The recent controversy over an ill-advised active shooter training for teachers in Indiana raises a number of important issues from the need for educator training that incorporates more than just active shooter response, to the inappropriate use of teachers as "props" in exercises and drills. While these (and more) are relevant concerns, let's consider whether subjecting teachers to a simulation of their worst nightmares is an effective training strategy. Not surprisingly - it isn't.
Since the 1960's research has established that using fear to change behaviors simply doesn't work and in many cases actually increases the problem. There is a great deal of research showing that the use of scare tactics to make a point, modify a behavior, or instill a sense of importance is ineffective at best, and traumatizing at worst. Teachers being shot "execution-style" with pellet guns by law enforcement officials checks all the boxes. The teachers already understood (and were concerned about) the possibility of being victimized by an active shooter as they had made it a priority to attend a training that was supposed to show them how to respond to a shooting. The end result of subjecting teachers to trauma in the name of training is that the problems associated with educators not being empowered to respond to violence were actually increased - not decreased.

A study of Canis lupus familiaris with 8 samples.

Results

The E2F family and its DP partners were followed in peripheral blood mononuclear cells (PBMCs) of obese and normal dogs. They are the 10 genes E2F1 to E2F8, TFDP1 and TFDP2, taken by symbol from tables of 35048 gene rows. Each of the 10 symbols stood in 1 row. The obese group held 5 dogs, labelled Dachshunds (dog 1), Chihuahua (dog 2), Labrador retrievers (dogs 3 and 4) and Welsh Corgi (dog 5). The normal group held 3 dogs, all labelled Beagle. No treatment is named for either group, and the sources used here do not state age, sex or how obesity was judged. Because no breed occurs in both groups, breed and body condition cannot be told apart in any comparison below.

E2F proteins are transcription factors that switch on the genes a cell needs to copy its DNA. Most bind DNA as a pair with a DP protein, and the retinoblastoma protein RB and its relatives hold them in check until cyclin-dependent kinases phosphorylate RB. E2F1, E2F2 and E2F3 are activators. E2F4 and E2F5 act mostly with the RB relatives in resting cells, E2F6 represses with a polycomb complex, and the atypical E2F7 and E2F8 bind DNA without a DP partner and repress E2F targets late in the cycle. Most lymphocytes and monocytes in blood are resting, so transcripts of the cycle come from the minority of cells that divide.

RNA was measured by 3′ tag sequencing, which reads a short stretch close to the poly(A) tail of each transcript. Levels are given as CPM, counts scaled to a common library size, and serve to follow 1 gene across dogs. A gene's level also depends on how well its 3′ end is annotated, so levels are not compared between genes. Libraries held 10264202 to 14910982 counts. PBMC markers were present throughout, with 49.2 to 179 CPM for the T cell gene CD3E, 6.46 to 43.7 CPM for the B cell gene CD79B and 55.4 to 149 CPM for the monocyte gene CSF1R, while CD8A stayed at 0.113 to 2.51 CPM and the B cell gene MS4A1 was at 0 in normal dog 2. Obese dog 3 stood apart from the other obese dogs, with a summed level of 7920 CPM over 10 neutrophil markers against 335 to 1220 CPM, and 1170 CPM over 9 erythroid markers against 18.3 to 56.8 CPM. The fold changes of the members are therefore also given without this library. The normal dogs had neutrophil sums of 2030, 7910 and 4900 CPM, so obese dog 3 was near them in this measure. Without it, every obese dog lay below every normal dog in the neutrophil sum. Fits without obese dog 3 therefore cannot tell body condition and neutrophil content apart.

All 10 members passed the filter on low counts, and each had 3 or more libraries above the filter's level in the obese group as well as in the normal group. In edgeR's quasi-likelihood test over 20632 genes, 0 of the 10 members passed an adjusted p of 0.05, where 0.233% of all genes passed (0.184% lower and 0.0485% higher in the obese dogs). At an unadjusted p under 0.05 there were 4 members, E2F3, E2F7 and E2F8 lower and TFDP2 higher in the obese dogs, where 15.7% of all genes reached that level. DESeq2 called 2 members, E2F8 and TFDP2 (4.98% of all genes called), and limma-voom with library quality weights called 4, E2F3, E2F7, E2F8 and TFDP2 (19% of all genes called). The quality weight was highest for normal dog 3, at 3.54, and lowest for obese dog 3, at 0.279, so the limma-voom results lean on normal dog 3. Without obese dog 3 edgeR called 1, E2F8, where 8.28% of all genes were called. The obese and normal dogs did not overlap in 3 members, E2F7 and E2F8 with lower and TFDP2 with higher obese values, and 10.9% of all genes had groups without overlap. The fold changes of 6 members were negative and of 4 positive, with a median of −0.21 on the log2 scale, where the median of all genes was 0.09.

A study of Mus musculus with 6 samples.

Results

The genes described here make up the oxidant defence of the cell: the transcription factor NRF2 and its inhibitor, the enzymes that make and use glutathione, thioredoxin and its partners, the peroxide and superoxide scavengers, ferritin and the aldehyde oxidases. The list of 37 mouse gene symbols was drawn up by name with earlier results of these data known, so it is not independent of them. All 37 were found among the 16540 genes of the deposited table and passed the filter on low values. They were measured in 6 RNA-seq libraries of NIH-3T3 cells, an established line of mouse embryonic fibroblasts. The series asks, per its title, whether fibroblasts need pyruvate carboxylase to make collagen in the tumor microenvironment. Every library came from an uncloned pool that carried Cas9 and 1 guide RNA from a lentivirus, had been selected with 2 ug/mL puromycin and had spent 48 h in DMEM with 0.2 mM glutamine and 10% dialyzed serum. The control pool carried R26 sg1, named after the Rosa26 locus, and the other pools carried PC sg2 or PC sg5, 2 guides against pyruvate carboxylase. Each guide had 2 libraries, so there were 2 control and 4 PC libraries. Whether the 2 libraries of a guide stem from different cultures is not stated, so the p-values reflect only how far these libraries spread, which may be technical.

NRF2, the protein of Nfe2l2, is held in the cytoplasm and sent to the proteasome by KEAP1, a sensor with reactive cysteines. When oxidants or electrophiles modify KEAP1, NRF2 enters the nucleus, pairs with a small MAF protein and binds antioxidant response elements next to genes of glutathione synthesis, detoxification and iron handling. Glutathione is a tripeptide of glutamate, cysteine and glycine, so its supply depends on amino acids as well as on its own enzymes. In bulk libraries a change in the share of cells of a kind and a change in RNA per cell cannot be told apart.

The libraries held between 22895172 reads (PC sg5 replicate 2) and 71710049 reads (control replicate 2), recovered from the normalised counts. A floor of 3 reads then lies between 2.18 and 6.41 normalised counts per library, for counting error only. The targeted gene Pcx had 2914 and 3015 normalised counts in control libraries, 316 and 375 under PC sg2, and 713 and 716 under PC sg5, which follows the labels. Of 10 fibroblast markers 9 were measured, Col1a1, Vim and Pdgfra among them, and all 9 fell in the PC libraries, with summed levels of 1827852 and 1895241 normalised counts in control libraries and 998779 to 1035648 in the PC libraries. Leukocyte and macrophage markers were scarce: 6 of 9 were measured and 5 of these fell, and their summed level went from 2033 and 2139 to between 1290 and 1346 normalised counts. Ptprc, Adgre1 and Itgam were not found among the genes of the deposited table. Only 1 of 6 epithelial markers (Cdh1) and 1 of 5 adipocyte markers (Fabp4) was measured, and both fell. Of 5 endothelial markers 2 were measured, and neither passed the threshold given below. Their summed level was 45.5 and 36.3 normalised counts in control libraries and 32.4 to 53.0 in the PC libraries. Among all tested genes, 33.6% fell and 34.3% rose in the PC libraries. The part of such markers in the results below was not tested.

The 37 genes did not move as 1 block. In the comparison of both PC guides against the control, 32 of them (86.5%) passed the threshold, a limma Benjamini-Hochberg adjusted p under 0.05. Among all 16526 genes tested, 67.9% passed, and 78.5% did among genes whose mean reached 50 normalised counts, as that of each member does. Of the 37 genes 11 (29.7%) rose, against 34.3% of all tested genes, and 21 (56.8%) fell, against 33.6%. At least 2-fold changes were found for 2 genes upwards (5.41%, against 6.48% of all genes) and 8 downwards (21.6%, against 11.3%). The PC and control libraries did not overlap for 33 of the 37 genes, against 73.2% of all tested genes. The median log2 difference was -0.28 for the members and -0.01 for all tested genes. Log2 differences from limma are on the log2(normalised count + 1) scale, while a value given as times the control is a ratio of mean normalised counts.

In 2004, the National Institute of Health took the position that "Programs that rely on scare tactics to prevent problems are not only ineffective, but may have damaging effects." Then there's common sense - if scare tactics and intimidation really worked, there be no smoking, drunk driving, teen pregnancy, or drug abuse.
Perhaps most tragically, we already know what works to increase safety in schools: research-based, all hazards violence prevention and crisis response training incorporating an educational perspective. In other words, training that is by educators, for educators.